Been busy lately working on a card game. The display relies heavily on postcards-in-space 2.5D effect, so early on I had to make a choice of what libraries to use. Starling is my go-to framework, but it did not have any 3D display classes (only a few weeks ago 1.6 was released with a some 3D support) so I decided to use a layered Starling + Away3D display.
I ended up with 2D display list in screen space, and a 3D display list containing flat plane geometry – the cards – in 3D space. While the usual placement worked great, I soon realized there are a few unexpected limitations. Maybe I got spoiled with Starling, it’s flexibility and the strong community support, so I half expected Away3D to offer the same level of support. I was wrong.
The Away3D forums suffer from very low traffic, to say the least. Searching in them is slow and sluggish, and then most results are outdated (3 years and older). Trivial issues soon became real problems when there is almost no one to answer you. At one point I was considering switching to a different engine, but that was too risky. Really, it’s a shame – the Away3D engine could become so much better with some minimal maintenance and adding convenience features, only instead it’s left to decay.
Z-Order, depth and the TextureMaterial
Dealing only with flat object on a flat plane (e.g. cards on a table), I wanted to have the same control over the display objects as I have in Starling. The card objects are plane meshes that display a face image and a back image using Away3D texture material (away3d.materials.TextureMaterial) – and these images typically are rounded rectangle shape. I mention that since we need to use the alpha channel, a trivial feature in Starling.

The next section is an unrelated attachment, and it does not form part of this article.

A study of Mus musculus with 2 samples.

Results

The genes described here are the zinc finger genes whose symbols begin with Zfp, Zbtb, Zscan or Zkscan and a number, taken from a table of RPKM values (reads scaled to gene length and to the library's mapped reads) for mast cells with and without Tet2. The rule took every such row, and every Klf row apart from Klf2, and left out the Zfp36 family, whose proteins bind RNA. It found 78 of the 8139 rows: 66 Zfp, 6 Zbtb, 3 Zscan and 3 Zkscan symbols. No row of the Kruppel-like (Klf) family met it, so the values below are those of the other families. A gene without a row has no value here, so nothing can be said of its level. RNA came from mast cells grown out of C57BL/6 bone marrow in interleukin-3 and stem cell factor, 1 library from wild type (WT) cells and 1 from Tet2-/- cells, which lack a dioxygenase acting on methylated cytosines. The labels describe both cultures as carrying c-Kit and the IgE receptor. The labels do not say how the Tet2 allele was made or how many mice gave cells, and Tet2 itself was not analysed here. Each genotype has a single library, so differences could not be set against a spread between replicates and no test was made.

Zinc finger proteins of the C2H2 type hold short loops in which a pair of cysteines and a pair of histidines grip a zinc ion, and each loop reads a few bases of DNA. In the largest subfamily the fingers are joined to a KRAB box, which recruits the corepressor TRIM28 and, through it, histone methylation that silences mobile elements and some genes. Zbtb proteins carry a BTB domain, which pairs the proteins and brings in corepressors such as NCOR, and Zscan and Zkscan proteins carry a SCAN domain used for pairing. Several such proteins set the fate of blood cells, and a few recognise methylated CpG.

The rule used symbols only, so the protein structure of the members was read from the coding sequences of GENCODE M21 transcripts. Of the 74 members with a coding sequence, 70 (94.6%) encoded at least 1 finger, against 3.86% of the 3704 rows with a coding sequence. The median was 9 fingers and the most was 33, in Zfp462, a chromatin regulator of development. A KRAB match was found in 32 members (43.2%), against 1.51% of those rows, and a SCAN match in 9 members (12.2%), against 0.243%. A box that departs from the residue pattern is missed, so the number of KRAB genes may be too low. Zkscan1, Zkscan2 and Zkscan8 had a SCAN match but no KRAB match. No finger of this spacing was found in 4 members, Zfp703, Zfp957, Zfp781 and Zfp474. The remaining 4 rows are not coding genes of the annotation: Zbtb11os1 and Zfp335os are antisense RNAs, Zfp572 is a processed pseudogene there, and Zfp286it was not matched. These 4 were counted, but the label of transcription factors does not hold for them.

So TextureMaterial offers a blend mode and renders the image as expected. Now stack up a few of these flat object and place them on the plane in overlapping positions – this will produce an artifact known to every OpenGL coder as co-planar geometry.
To overcome that, assign each object a different Z value, expecting trivial Z-ordering on the plane. This works, but there is a catch: since the plane is viewed from a perspective camera, the renderer will place lower cards on top of upper ones if they are closer to the camera, regardless of the Z value. There is a way around that, if you turn off alpha blending, but then transparent pixels show as black.
To overcome that, TextureMaterial has an alpha threshold feature. Any pixel with alpha value below that threshold will no get drawn. This comes close to what I needed.
Problem solved? not so fast. The resulting images clearly indicate render quality suffered. All edges show noticeable aliasing. Getting rid of the aliasing proved close to impossible. Turning on FSAA? check. Turning on mipmaps? check. Different padding of the card image with transparent pixels did not do much either.
In summary, the versatile TextureMaterial proved inadequate and unhelpful. You basically stuck between two bad choices: either give up z-order control for alpha blending, or give up blending and make do with jagged edges.
Please let me know if anyone knows a solution for this. Any comments are appreciated.
I will talk about possible workarounds in a future post.